WattEV awarded $40.5 million for truck charging locations in California, Oregon

WattEV electric truck stop rendering

On the heels of opening the nation's largest public charging depot for electric commercial trucks at the Port of Long Beach, WattEV announced Monday it has secured $40.5 million in grants to further expand its growing network of electric truck stops into northern California and Oregon.

WattEV has been awarded two separate grants: one for a solar-powered truck charging depot across Interstate 5 from the airfreight hub adjacent to Sacramento International Airport, and another for a grid-connected charging depot along Interstate 5 in Salem, Ore.

WattEV has secured a $34 million federal grant through the California Transportation Commission to build and operate what will become the nation's largest electric charging depot on more than 100 acres of land immediately south of Sacramento International Airport (SMF) on Interstate 5.

The SMF project is expected to open in mid- to late-2025 with 15.6 MW of solar power supplemented by 7.2 MW of grid power supplied by the Sacramento Municipal Utility District, Watt EV says.

[RELATED: Nation's largest truck charging station opens at Port of Long Beach]

The SMF depot will have 30 DC fast chargers for passenger vehicles, 90 high-power CCS-1 cords for medium- and heavy-duty commercial electric vehicles, and 18 megawatt cords for pass-through charging of heavy-duty trucks using the upcoming Megawatt Charging Standard (MCS).

"We're proud to partner with WattEV as they continue to advance transition of U.S. trucking transport to zero emissions," says Cindy Nichol, director of Sacramento County Department of Airports. "Sacramento International Airport's proximity to one of largest goods distribution centers in the state makes this an ideal location to serve California's 'electric highway.'"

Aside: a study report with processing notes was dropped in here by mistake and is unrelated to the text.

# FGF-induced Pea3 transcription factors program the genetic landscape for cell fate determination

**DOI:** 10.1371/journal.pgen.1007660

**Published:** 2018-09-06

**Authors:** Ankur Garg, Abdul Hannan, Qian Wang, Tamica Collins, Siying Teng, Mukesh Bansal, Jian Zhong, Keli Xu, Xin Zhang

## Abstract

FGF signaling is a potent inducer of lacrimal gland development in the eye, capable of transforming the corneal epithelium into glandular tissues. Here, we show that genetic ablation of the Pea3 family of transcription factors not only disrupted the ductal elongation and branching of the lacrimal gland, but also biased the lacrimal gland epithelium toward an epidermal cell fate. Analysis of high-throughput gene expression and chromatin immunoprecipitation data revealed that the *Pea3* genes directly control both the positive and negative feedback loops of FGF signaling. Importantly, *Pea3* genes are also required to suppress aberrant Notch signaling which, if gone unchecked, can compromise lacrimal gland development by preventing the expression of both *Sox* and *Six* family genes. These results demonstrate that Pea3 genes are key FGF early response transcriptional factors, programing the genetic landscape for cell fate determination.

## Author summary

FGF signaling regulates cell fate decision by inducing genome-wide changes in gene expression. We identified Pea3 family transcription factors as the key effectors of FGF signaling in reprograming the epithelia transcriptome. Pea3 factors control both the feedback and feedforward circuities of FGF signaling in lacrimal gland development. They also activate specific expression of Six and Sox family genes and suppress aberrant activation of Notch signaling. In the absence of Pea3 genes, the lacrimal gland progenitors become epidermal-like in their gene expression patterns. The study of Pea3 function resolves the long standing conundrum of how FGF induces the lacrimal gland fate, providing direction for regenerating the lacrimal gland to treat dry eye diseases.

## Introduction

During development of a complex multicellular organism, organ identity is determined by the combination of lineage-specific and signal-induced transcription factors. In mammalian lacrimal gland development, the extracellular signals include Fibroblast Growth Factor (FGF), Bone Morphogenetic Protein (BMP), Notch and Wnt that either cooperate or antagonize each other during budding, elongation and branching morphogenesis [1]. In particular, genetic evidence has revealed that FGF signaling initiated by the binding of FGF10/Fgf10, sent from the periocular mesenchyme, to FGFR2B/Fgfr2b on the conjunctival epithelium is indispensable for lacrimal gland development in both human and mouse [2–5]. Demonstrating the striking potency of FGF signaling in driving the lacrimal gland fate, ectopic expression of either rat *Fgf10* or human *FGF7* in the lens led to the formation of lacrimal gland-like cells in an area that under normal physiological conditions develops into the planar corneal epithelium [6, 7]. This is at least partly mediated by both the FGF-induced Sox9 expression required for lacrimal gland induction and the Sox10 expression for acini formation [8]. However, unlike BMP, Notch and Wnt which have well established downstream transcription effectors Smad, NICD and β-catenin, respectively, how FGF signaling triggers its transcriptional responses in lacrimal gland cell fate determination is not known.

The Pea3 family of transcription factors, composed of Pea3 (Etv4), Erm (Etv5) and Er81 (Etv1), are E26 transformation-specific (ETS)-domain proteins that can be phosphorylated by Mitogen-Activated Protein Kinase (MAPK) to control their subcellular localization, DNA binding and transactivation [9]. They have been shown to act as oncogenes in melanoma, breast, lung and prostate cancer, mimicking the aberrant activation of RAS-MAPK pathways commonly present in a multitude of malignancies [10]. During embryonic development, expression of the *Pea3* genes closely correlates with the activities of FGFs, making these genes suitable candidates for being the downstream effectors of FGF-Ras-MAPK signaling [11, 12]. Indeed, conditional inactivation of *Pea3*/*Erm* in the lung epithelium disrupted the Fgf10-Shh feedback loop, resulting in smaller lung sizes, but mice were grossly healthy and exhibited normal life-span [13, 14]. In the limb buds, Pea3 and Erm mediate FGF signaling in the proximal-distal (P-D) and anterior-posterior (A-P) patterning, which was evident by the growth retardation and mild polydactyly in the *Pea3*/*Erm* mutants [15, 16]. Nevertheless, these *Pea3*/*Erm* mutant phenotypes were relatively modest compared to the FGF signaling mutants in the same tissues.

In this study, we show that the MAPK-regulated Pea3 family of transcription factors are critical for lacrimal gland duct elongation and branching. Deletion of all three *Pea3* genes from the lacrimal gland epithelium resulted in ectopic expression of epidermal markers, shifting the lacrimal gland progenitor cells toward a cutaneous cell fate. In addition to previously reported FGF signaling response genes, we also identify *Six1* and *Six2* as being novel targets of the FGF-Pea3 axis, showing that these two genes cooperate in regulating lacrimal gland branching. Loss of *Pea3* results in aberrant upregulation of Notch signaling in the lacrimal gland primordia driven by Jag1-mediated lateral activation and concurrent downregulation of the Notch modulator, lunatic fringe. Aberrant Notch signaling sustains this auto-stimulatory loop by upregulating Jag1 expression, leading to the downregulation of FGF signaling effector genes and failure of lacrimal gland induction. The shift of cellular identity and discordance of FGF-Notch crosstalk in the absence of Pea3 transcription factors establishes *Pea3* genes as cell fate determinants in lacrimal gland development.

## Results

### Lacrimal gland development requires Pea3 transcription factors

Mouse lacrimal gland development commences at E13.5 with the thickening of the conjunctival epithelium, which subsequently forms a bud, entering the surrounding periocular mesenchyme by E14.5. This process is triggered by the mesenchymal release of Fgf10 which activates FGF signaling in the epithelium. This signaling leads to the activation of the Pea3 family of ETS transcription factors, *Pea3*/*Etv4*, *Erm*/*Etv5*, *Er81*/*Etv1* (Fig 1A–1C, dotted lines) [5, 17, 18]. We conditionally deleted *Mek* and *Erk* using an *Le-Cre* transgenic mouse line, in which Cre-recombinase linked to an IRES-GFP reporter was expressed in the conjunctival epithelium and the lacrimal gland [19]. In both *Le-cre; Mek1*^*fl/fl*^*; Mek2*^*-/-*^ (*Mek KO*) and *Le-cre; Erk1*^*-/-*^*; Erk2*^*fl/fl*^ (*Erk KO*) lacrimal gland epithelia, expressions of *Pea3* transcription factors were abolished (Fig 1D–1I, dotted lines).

WattEV was also awarded $6.5 million from the Oregon Department of Environmental Quality to build a 6-acre EV charging depot. The Salem, Ore., site will be grid-connected in cooperation with Portland General Electric.

Planning for the Salem electric truck stop includes 30 CCS 240 KW chargers and six MCS 1200 KW chargers. It's expected to open in 2025 as well, the company says.

"These grant awards will allow us to meet our plans to expand our network of electric-truck charging depots from the Mexican border to Portland, Oregon, via Interstate 5, on what government planners and industry stakeholders are calling the 'electric highway,'" says WattEV co-Founder and CEO Salim Youssefzadeh.

The grant for the SMF project comes from the U.S. Department of Transportation's "Trade Corridor Enhancement Program," which distributes funding through state transportation agencies, WattEV says.

"We're building out the West Coast corridor while also reaching eastward along the I-10 toward Arizona and Texas and, eventually, to the East Coast," Youssefzadeh says. "To expand the WattEV network, we'll match our grants with private capital to fund this massive infrastructure buildout."